Saturday’s clash with No. 23 Texas has plenty on the line for the Kansas State football team.
The implications for K-State’s postseason and league championship have taken the forefront in what is typically an important game no matter what the team’s record is.
Saturday will mark the final home game for 27 seniors on the Wildcat roster, and is likely to give an emotional charge to the Wildcats as they try and win their 11th game of the year.
For most of the group, this class represents a full-circle transformation from the lowly beginning of head coach Bill Snyder’s return to the K-State sideline to the back-to-back 10-win team taking the field now.
“We’ve been here from the start, back when we were terrible and then went to the Pinstripe Bowl and all that,” senior receiver Chris Harper said. “So we’re the guys that have been trying to build it back up to what it was and set the example. It means a lot. I wanted to come back and play for a Kansas team and build something back up to what it was like before I got here. It makes it that much more special for me and guys like Braden Wilson and Anthony Cantele who are from Kansas, born and raised.”
While most players admitted that taking the field at Bill Snyder Family Stadium for the last time will be an emotional experience, Harper is focused on the bigger picture for this season.
“It’s not my last game, so I’m not going to be emotional or anything,” he said. “But it’s a big game though. It’s bigger than just being my last game at home, it’s for a Big 12 championship.”
While quarterback Collin Klein has even more experience rebuilding K-State, representing the fifth-year senior class that was recruited and coached by Ron Prince, he expects Saturday to be hard.
“I think it’s going to be an emotional day for me,” he said. “I know, just even being around here now — this is my fifth year — you see a lot of players enter and exit in their tenure and now my time has come in that sense, and that’s not an easy thing. I have so many fond memories of my time here. It’s going to be hard. I can’t even put into words how special it has been.”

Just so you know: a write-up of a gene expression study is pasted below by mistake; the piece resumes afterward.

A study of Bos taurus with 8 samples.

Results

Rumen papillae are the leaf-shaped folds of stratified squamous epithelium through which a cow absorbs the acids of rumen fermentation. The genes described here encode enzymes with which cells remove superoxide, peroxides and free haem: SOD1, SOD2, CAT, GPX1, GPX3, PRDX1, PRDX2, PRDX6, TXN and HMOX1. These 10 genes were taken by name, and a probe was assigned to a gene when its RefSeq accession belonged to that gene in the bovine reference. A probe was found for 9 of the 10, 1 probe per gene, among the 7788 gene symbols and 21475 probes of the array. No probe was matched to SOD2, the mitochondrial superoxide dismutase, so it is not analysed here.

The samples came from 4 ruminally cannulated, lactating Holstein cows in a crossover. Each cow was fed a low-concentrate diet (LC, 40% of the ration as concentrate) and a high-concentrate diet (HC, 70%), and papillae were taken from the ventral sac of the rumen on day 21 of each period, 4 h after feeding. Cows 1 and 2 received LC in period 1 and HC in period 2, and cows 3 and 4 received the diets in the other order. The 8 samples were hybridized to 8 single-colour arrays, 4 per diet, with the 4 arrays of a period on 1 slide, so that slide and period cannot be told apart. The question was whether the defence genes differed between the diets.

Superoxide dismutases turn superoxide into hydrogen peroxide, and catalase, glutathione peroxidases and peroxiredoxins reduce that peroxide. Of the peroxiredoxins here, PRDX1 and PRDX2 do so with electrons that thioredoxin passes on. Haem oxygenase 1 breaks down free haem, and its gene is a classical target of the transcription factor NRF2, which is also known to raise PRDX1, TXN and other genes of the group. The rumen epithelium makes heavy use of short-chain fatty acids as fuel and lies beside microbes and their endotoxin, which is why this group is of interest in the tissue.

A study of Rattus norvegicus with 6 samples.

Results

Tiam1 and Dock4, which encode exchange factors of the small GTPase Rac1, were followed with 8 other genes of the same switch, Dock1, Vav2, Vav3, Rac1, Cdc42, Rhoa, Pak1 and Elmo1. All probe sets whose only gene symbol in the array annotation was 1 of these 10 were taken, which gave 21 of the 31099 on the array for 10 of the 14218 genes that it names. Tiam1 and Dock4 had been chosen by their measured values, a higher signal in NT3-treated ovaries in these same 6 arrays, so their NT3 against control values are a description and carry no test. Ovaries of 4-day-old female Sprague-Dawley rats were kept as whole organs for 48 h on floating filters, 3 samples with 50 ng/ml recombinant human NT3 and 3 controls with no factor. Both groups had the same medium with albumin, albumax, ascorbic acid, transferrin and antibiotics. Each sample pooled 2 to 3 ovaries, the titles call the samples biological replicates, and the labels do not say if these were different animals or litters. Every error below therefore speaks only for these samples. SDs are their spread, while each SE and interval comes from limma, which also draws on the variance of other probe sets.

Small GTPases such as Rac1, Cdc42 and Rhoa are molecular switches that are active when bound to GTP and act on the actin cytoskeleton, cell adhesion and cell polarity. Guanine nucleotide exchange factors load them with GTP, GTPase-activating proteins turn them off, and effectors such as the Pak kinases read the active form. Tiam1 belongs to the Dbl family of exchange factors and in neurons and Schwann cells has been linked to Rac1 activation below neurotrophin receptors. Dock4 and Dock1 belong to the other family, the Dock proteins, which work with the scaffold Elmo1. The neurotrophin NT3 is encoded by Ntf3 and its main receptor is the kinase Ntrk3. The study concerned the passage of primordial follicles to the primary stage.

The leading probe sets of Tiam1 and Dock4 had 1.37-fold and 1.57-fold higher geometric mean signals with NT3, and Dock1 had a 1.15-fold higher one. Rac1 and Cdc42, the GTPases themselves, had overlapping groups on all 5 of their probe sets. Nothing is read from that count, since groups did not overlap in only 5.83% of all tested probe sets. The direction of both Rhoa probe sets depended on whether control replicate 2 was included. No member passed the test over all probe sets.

For Klein, the important part of Saturday will be how his team finishes.
“Being able to finish on a good note as a team, obviously with a win,” he said. “And being able to play the best I possibly can play. It means a lot, it’s a special day, and I — and we — definitely want to finish strong. That’s what we’ve been telling ourselves all week, is to finish strong.”
Not having been through a senior night as a college football player, senior linebacker Arthur Brown admitted he doesn’t know what to expect on Saturday.
“I really can’t anticipate what it will be like,” he said. “I know there will be a lot of emotion felt, having my parents there as well right by my side, playing my last home game in front of our great fan support.”
Brown said he is blessed to be apart of this team that has helped him grow both as a person and a player.
“It’s been a growing process,” he said. “It’s a process of realization, just so much about myself and about others. I’ve grown from it and I’ve had the opportunity to see others grow from it as well.”
As for what he plans to tell Snyder when he walks down the ramp, he said he hadn’t thought much about it.
But his Snyder-esque comment just about summed up the difference between the Prince era and Snyder’s.
“I take it one day at a time,” Brown said. “I’m sure it will be a great moment.”